Marc Allassonnière-Tang


Mathilde Hutin | Marc Allassonnière-Tang
Proceedings of the 19th SIGMORPHON Workshop on Computational Research in Phonetics, Phonology, and Morphology

Data-driven research in phonetics and phonology relies massively on oral resources, and access thereto. We propose to explore a question in comparative linguistics using an open-source crowd-sourced corpus, Lingua Libre, Wikimedia’s participatory linguistic library, to show that such corpora may offer a solution to typologists wishing to explore numerous languages at once. For the present proof of concept, we compare the realizations of Italian and Spanish vowels (sample size = 5000) to investigate whether vowel production is influenced by the size of the phonemic inventory (the Inventory Size Hypothesis), by the exact shape of the inventory (the Vowel Quality Hypothesis) or by none of the above. Results show that the size of the inventory does not seem to influence vowel production, thus supporting previous research, but also that the shape of the inventory may well be a factor determining the extent of variation in vowel production. Most of all, these results show that Lingua Libre has the potential to provide valuable data for linguistic inquiry.

Mathilde Hutin | Marc Allassonnière-Tang
Proceedings of the 1st Annual Meeting of the ELRA/ISCA Special Interest Group on Under-Resourced Languages

Oral corpora for linguistic inquiry are frequently built based on the content of news, radio, and/or TV shows, sometimes also of laboratory recordings. Most of these existing corpora are restricted to languages with a large amount of data available. Furthermore, such corpora are not always accessible under a free open-access license. We propose a crowd-sourced alternative to this gap. Lingua Libre is the participatory linguistic media library hosted by Wikimedia France. It includes recordings from more than 140 languages. These recordings have been provided by more than 750 speakers worldwide, who voluntarily recorded word entries of their native language and made them available under a Creative Commons license. In the present study, we take Polish, a less-resourced language in terms of phonetic data, as an example, and compare our phonetic observations built on the data from Lingua Libre with the phonetic observations found by previous linguistic studies. We observe that the data from Lingua Libre partially matches the phonetic inventory of Polish as described in previous studies, but that the acoustic values are less precise, thus showing both the potential and the limitations of Lingua Libre to be used for phonetic research.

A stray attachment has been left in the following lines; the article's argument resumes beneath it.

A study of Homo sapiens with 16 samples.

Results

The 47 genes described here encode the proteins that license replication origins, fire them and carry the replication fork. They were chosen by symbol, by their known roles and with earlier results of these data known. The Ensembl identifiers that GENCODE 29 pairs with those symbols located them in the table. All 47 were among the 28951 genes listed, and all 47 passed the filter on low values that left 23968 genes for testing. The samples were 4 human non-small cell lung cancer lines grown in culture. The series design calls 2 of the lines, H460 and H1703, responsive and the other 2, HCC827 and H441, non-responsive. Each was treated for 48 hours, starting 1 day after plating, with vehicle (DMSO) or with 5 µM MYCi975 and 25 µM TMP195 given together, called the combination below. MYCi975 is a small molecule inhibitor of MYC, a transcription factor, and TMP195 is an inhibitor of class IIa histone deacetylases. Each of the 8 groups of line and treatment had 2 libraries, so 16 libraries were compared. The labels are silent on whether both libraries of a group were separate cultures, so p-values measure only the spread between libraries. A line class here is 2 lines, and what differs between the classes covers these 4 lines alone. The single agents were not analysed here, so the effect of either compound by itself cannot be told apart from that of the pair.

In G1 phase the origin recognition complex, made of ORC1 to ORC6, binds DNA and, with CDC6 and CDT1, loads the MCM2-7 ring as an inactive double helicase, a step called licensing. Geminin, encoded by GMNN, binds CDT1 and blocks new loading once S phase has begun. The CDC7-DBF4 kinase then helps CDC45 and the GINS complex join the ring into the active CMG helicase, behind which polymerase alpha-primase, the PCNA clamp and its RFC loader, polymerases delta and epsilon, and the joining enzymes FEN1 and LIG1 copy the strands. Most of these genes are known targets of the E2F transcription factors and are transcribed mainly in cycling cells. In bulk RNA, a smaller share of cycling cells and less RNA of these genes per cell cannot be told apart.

Hartger Veeman | Marc Allassonnière-Tang | Aleksandrs Berdicevskis | Ali Basirat
Proceedings of the 24th Conference on Computational Natural Language Learning

Grammatical gender is assigned to nouns differently in different languages. Are all factors that influence gender assignment idiosyncratic to languages or are there any that are universal? Using cross-lingual aligned word embeddings, we perform two experiments to address these questions about language typology and human cognition. In both experiments, we predict the gender of nouns in language X using a classifier trained on the nouns of language Y, and take the classifier’s accuracy as a measure of transferability of gender systems. First, we show that for 22 Indo-European languages the transferability decreases as the phylogenetic distance increases. This correlation supports the claim that some gender assignment factors are idiosyncratic, and as the languages diverge, the proportion of shared inherited idiosyncrasies diminishes. Second, we show that when the classifier is trained on two Afro-Asiatic languages and tested on the same 22 Indo-European languages (or vice versa), its performance is still significantly above the chance baseline, thus showing that universal factors exist and, moreover, can be captured by word embeddings. When the classifier is tested across families and on inanimate nouns only, the performance is still above baseline, indicating that the universal factors are not limited to biological sex.